Over the last few months, I haven’t been able to go to a brunch, boxing class or happy hour without someone bringing up intermittent fasting. Have you tried it? Is it healthy? Is it safe? Does it work? The practice of fasting has been around for ages, but the idea of using it as a means to lose weight and achieve better overall health has reached peak popularity in the last year (hey, at least we’ve stopped talking about crystals).
Proponents of intermittent fasting (or IF, for short) say that practicing it regularly can help reduce cholesterol, inflammation and blood pressure; reduce the risk of developing type 2 diabetes and prevent insulin spikes; and also aid in weight loss. I'm naturally curious when it comes to wellness trends (I’ve tried no fewer than three different juice cleanses, Whole30, Vegan Before 6 and pretty much every group fitness class under the sun), so I set out to try IF for a month. Fast-forward eight weeks later, and I’m still practicing intermittent fasting with no intention of stopping. Here’s how I got hooked.
To be clear, weight loss wasn’t my primary—or even secondary or tertiary—goal in trying IF. I was fueled by a combination of curiosity and my own competitive spirit. (Can I really restrain myself from eating for one whole day each week?) As a happy side effect, though, I have ended up losing a couple of pounds. Overall, I take an intuitive approach to my health. I haven’t looked at a scale since 2009, but I’m very attuned to how I feel in my body, and that dictates my diet and exercise choices. In my experience, IF isn’t a “lose weight fast” plan, but so far it seems like a great tool for maintaining your weight (or steadily losing weight) without a ton of effort or calorie counting.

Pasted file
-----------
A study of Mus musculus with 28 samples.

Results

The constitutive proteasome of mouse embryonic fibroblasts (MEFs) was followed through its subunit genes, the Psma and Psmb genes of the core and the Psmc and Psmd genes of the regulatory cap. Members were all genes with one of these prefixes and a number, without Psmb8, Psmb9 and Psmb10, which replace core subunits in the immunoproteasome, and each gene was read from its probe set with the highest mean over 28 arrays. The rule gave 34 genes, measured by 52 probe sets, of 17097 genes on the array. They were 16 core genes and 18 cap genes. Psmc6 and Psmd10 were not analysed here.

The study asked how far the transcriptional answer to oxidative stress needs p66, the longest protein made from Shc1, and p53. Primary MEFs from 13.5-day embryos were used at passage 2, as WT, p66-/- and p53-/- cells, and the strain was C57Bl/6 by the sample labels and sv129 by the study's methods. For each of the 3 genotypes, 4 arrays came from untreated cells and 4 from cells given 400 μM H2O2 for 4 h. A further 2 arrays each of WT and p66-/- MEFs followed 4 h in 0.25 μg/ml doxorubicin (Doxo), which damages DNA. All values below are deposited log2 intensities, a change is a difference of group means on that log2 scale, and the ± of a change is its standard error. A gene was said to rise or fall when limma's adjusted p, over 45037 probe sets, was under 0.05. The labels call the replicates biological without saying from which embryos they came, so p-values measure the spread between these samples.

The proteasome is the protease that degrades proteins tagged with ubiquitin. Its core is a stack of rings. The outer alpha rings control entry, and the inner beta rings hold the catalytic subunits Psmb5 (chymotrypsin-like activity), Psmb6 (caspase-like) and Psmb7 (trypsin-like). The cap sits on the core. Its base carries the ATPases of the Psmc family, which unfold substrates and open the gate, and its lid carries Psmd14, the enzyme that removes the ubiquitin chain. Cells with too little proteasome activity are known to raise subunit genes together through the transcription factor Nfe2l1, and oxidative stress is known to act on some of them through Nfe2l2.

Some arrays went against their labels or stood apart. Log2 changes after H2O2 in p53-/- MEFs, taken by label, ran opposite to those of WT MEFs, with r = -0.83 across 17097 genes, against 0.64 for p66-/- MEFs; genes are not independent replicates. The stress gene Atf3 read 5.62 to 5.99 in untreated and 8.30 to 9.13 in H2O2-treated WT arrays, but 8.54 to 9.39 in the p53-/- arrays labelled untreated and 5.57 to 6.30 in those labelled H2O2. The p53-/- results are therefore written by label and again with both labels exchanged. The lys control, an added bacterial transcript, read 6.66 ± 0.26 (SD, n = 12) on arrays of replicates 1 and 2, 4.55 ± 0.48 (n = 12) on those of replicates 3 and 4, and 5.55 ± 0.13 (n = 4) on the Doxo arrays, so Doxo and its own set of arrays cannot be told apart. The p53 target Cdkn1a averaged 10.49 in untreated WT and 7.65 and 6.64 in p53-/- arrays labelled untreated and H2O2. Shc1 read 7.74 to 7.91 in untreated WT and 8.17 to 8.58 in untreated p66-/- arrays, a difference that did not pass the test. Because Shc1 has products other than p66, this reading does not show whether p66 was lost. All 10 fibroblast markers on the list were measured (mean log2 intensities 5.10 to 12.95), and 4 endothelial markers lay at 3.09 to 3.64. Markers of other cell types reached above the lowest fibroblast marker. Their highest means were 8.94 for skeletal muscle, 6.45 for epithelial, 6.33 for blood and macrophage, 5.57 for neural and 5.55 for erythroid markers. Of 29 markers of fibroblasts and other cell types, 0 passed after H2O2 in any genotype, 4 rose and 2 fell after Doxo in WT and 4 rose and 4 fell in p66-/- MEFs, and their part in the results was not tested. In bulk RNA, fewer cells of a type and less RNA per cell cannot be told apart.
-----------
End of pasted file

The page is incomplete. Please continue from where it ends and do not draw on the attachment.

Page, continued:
After getting the go-ahead from my doctor (which everyone should do before embarking on an experiment like this), I did some research and found out people either really love or really hate intermittent fasting. I read an article right here on PureWow that looked at the trend through a very critical lens. Melissa Kelly, MS, RD, CDN told us, “While intermittent fasting has grown in popularity over the last year, as a registered dietitian and nutritionist, I don’t encourage its restrictive principles when working with my clients.” Yikes. But then I saw a study from Harvard Medical School, which seemed much more positive. “Studies in humans, almost across the board, have shown that IF is safe and incredibly effective [for weight loss],” explains Monique Tello, MD, MPH, adding that its biggest drawback is that most people find it difficult to fast for long periods of time. Challenge accepted. I also checked in with Dr. Charles Passler, a nutritionist and founder of Pure Change who works with the likes of Bella Hadid and Adriana Lima. Dr. Passler told me he's a fan of intermittent fasting, "because it’s a simple and straightforward way to lose weight that’s relatively easy to do. As opposed to a strict diet with complex food recommendations and portion control, IF is merely an 'Eating Pattern,' controlling when you eat, not what you eat."